Tafline Laylin

WWF's Google-Funded Drones to Track Dangerous Wildlife Poachers

by , 02/07/13
filed under: News

WWF,  illegal wildlife trade, google, drones, unmanned surveillance vehicles, poaching, rhinos, elephants, Africa, Asia, ivory, endangered species, news, environment, biodiversity
Image of US army drone, Shutterstock

The World Wildlife Fund (WWF) has announced plans to deploy aerial drones to get control of the escalating illegal wildlife trade, which is quickly spinning out of control. Funded by a $5 million Google grant, the unmanned surveillance vehicles will be deployed in either Africa or Asia to track dangerous wildlife poachers from the sky. The first pair of drones will be in place by year’s end and the wildlife conservation group hopes to dispatch another three pairs by the end of 2015.



WWF, illegal wildlife trade, google, drones, unmanned surveillance vehicles, poaching, rhinos, elephants, Africa, Asia, ivory, endangered species, news, environment, biodiversity
Image of elephant tusks, Shutterstock

The illegal wildlife trade has gained unprecedented traction in the last couple of years, putting elephants, orangutans, rhinos and other species at risk of extinction while also posing danger to national security in some countries. Last year former Secretary of State Hillary Clinton ordered the US intelligence community to step up their own efforts to curtail the business, the Guardian reports. But well-equipped poachers have outpaced regulators with as many of 668 rhinos killed in South Africa alone last year.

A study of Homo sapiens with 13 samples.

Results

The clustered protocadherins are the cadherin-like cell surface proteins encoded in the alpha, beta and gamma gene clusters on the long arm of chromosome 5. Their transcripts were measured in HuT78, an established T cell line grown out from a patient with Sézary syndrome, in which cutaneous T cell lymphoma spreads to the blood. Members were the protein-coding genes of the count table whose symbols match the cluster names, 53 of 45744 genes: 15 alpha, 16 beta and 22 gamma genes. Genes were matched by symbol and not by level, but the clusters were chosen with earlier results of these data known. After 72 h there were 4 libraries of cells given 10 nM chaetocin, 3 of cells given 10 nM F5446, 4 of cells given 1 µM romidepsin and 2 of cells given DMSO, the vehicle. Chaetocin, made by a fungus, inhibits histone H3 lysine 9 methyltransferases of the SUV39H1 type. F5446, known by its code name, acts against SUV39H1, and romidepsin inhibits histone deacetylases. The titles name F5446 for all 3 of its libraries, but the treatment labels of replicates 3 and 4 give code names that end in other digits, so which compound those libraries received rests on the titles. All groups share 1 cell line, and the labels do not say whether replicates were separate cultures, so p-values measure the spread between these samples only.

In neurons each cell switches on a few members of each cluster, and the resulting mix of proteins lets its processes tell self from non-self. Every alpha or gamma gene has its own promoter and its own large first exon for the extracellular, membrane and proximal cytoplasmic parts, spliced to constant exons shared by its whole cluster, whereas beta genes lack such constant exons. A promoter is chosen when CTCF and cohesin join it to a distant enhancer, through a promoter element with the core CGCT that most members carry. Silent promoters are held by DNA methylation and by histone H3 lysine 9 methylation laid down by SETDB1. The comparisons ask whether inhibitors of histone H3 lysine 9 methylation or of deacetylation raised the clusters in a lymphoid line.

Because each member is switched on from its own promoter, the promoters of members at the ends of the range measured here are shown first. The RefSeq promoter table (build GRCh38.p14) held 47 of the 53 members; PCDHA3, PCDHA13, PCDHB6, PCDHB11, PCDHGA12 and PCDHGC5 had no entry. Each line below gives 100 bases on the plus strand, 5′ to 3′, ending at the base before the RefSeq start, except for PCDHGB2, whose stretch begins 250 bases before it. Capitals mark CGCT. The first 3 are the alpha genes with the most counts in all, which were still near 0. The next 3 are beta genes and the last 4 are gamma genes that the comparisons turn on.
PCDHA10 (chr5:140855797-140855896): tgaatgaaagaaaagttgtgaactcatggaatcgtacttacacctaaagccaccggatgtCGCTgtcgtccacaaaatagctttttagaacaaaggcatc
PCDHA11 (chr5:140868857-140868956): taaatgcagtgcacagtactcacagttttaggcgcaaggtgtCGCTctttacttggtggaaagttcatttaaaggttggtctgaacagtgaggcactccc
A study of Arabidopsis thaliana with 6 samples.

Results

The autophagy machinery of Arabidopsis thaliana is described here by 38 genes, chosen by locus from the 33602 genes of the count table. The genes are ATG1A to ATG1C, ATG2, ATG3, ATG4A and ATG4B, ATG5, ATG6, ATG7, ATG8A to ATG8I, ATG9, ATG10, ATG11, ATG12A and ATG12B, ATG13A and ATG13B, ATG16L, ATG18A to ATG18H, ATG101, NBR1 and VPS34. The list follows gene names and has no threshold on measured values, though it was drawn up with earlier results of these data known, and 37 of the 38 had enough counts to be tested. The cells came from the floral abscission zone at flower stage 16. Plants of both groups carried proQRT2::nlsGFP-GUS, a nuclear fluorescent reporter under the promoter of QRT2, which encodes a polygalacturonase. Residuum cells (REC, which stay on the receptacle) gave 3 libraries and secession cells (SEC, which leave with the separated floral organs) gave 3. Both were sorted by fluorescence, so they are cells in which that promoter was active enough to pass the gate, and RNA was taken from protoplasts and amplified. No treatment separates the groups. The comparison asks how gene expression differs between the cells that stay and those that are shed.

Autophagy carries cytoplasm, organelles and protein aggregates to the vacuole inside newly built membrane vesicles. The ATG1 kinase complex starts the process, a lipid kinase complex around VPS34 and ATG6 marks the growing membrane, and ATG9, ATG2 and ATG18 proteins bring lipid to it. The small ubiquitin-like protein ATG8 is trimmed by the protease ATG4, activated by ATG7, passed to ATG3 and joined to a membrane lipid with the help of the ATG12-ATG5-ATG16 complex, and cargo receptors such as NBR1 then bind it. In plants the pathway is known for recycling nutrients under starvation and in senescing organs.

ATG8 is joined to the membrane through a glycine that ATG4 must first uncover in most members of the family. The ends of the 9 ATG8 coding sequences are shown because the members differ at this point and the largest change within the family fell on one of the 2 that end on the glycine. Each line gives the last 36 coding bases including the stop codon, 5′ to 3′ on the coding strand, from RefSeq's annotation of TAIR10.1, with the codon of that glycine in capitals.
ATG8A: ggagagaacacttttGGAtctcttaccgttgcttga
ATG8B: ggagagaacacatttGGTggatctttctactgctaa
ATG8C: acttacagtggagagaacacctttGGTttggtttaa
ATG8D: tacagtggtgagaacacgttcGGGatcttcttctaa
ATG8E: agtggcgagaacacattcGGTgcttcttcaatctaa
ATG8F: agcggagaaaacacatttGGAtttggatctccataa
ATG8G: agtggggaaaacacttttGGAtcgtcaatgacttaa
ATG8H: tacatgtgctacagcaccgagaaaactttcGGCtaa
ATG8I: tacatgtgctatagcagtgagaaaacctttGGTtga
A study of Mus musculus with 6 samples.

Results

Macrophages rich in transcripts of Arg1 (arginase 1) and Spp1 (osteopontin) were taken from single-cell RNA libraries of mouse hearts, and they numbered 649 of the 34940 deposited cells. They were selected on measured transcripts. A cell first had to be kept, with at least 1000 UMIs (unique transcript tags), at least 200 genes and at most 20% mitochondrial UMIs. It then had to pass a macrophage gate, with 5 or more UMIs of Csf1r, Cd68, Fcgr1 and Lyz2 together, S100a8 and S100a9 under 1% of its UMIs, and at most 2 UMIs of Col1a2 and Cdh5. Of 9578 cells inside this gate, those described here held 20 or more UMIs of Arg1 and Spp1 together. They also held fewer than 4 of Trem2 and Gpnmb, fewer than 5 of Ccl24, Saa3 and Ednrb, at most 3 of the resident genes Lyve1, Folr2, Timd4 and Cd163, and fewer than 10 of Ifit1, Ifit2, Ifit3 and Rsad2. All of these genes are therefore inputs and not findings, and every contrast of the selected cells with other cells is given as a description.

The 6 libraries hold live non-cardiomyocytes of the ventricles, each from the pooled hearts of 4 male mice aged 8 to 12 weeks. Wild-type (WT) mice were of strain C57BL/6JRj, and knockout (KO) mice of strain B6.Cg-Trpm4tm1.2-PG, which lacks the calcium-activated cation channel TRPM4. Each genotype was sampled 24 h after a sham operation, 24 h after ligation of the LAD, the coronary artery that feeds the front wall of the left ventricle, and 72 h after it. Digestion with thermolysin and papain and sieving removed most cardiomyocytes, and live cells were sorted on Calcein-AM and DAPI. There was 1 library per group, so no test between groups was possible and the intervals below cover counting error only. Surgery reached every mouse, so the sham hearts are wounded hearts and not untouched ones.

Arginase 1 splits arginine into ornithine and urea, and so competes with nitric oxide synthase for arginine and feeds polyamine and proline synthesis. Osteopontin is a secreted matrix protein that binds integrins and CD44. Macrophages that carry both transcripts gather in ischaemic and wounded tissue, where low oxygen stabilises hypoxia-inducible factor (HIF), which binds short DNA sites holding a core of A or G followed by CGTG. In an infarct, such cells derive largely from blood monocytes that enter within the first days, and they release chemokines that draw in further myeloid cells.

Allan Crawford, project leader for the WWF Google technology project, told the Guardian that park rangers at the Kruger National Park can’t combat armed gangs of poachers who often have night vision equipment and vicious dogs. As a result, WWF will spend tens of thousands of dollars on four pairs of drones in the next few years as a safer, more efficient mechanism to track poachers’ movements. There is a risk, however, that the poachers will confiscate the drones, says Crawford.

Via The Guardian


  1. Veritas September 7, 2013 at 3:16 pm

    The picture of the UAV in this article, which is captioned “Image of US army drone, Shutterstock”, is in fact not a US Army drone at all. It is the EADS/Cassidian/SurveyCopter ‘Tracker’, which was developed for the French Army. In France, the Tracker is referred to as the DRAC (Drone de Reconnaissance Au Contact). The caption for this image at its source location, Shutterstock, is correct in that it says ‘Army drone’ and not ‘US Army drone’.

  2. Vallish Vaasuki March 11, 2013 at 2:17 am

    would like to know more about projects , to get funds in protecting remaining Asian elephants Awareness program i the tribal area , many elephants are been electrocuted from 2002 – 2013
    tuskers are disappearing , may be the threat of drop down in the ratio of male-female for the healthy genes to pass.